Tune into market consolidation
Last time I looked it was still there. The domain name: cloud.forsale. And more or less against my better judgment, I contemplated putting a bid in. Cloud for Sale namely makes me think of the somewhat melancholic House for Sale (Lucifer, 1975) about two people who started in good spirits towards their new future, but then – when it did not turn out as expected – put out a for sale sign. And that is likely what we will soon see in the cloud market too. Providers that despite their best intentions and putting in a lot of energy and innovation, wont be able to make it and therefore will put their estates up for sale.
It’s not like we could not have seen this coming. In 1991, Geofrey Moore already described in his inimitable “Crossing the Chasm” various phases that vendors of new technological innovations typically go through. When reading it today you would almost think he wrote it specifically for the cloud IaaS market. After bridging the chasm between early adopters and the early majority by offering specific, vertical solutions (see my earlier column “Atlantic Crossing), the market begins to realize that these are not a bunch of cool new point solutions but the dawn of a new way of doing things.
At that moment the market dynamics change completely. For the potential winners (Gorillas as Moore called them) the priority becomes only one thing, enabling massive growth. They typically do this by adding lots of sales people (often recruited from more traditional, now struggling competitors), by rapidly creating a ecosystem of partners and by ensuring their existing production systems keep running at full throttle while they are adding new capacity as fast as possible.
Employees of the gorillas of earlier markets booms have – besides a burnout or ulcer – in most cases some nice perks – such as a classic old-timer or a second home in an exotic location – to show for their outrages work effort and work ethics during these periods of extreme growth. But for the other market players, it is often the harsh end of an illusion. Some may squeeze some extra millage out of their offering by making it “plug compatible” with the market leader. Others reposition themselves as a niche provider (sometimes transferring their niche solutions onto the now leading infrastructure products of their former opponents) or they go through life as implementation, consulting or brokering partner of the winning product lines.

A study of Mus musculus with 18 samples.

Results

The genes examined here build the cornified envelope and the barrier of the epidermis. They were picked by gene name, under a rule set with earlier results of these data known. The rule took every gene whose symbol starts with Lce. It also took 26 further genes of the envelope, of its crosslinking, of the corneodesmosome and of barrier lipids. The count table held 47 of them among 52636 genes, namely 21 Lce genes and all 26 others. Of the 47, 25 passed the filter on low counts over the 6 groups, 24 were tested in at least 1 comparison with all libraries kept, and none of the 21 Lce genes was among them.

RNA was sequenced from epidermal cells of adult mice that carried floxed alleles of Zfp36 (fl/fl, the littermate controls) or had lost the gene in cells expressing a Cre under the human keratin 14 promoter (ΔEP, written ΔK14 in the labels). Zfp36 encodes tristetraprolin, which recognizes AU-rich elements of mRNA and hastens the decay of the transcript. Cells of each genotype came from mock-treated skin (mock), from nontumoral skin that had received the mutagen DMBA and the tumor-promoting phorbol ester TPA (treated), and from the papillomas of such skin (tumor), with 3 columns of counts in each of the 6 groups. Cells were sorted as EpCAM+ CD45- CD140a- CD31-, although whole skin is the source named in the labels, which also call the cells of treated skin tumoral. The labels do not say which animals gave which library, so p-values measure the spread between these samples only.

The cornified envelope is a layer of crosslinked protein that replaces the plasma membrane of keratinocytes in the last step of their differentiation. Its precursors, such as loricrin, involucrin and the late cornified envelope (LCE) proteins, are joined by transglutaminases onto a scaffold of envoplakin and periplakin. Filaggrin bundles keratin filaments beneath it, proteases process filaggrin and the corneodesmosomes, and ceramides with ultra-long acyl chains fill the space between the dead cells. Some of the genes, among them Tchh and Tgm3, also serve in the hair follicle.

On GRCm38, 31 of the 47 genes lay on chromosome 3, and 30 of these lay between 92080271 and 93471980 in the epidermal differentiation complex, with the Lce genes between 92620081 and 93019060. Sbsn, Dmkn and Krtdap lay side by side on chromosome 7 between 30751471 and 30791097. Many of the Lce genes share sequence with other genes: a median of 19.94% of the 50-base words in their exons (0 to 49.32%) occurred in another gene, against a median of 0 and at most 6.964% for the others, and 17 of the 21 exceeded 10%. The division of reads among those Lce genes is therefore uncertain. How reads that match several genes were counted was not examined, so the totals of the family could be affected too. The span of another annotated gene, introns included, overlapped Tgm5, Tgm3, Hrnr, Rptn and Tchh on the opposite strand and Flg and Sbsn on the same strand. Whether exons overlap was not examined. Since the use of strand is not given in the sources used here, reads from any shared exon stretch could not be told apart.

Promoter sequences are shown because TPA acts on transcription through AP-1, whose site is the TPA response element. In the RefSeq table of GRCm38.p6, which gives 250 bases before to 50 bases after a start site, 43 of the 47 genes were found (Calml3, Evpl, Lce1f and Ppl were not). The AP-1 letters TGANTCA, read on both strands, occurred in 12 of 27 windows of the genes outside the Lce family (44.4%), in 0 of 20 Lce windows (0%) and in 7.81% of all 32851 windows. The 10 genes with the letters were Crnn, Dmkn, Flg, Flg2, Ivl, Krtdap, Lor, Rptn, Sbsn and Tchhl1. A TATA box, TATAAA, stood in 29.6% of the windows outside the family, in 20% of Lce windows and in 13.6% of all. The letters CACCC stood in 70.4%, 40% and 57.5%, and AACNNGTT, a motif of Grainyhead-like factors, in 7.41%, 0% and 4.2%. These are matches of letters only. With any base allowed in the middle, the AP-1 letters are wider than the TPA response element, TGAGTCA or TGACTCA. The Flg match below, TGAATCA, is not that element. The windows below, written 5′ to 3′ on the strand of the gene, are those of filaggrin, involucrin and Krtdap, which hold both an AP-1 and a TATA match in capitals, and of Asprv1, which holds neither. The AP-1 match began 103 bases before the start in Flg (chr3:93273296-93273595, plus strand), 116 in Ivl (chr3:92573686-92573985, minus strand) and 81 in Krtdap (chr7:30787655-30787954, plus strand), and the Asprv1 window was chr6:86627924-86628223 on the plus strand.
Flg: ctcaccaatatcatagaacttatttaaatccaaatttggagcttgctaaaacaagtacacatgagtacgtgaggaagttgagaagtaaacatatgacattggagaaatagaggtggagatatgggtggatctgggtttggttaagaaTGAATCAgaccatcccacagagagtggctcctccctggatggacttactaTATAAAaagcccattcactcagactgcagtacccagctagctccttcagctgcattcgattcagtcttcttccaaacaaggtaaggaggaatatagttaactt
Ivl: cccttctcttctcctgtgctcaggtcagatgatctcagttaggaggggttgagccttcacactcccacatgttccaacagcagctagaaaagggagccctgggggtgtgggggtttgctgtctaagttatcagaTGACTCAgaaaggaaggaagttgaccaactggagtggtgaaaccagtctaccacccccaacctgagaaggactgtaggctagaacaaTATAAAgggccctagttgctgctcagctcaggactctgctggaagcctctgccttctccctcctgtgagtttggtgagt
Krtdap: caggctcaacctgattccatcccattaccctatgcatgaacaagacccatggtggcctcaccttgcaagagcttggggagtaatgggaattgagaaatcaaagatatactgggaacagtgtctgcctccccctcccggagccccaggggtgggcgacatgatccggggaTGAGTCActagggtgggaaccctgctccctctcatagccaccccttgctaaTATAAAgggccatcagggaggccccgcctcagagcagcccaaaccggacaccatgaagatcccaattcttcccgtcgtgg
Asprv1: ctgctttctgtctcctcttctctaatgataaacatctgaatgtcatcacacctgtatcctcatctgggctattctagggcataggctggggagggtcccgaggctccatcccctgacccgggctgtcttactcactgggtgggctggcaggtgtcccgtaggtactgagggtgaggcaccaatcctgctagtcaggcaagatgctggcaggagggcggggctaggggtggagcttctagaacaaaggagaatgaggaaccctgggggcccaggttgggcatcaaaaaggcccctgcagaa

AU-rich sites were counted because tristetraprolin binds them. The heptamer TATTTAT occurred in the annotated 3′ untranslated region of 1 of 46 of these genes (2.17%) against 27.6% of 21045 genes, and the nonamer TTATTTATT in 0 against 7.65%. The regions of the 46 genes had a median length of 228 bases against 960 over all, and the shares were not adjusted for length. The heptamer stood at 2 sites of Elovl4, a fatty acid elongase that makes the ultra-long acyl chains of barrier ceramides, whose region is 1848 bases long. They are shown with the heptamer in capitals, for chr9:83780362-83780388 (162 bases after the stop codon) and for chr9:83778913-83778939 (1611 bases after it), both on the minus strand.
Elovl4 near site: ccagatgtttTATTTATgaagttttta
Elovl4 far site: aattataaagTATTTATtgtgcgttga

The signs of this coming soon are currently written all over the wall of the cloud market. It started with small providers being taken over by somewhat larger but also not overly successful providers (successful providers are too busy meeting their booming demand to take time for acquisitions). We also see in large organizations an increasingly rapid succession of a amazingly wide variety of leaders for the cloud initiative. While at the successful providers the same people remain in their roles, often for decades, becoming more and more successful as their product continues to grow and gain share.
House for Sale (without the dot as domain names did not exist yet in 1970) was the first song and also the first international hit of Lucifer, a Dutch formation with lead singer Margriet Eshuis and drummer , later TV Host, Hennie Huisman.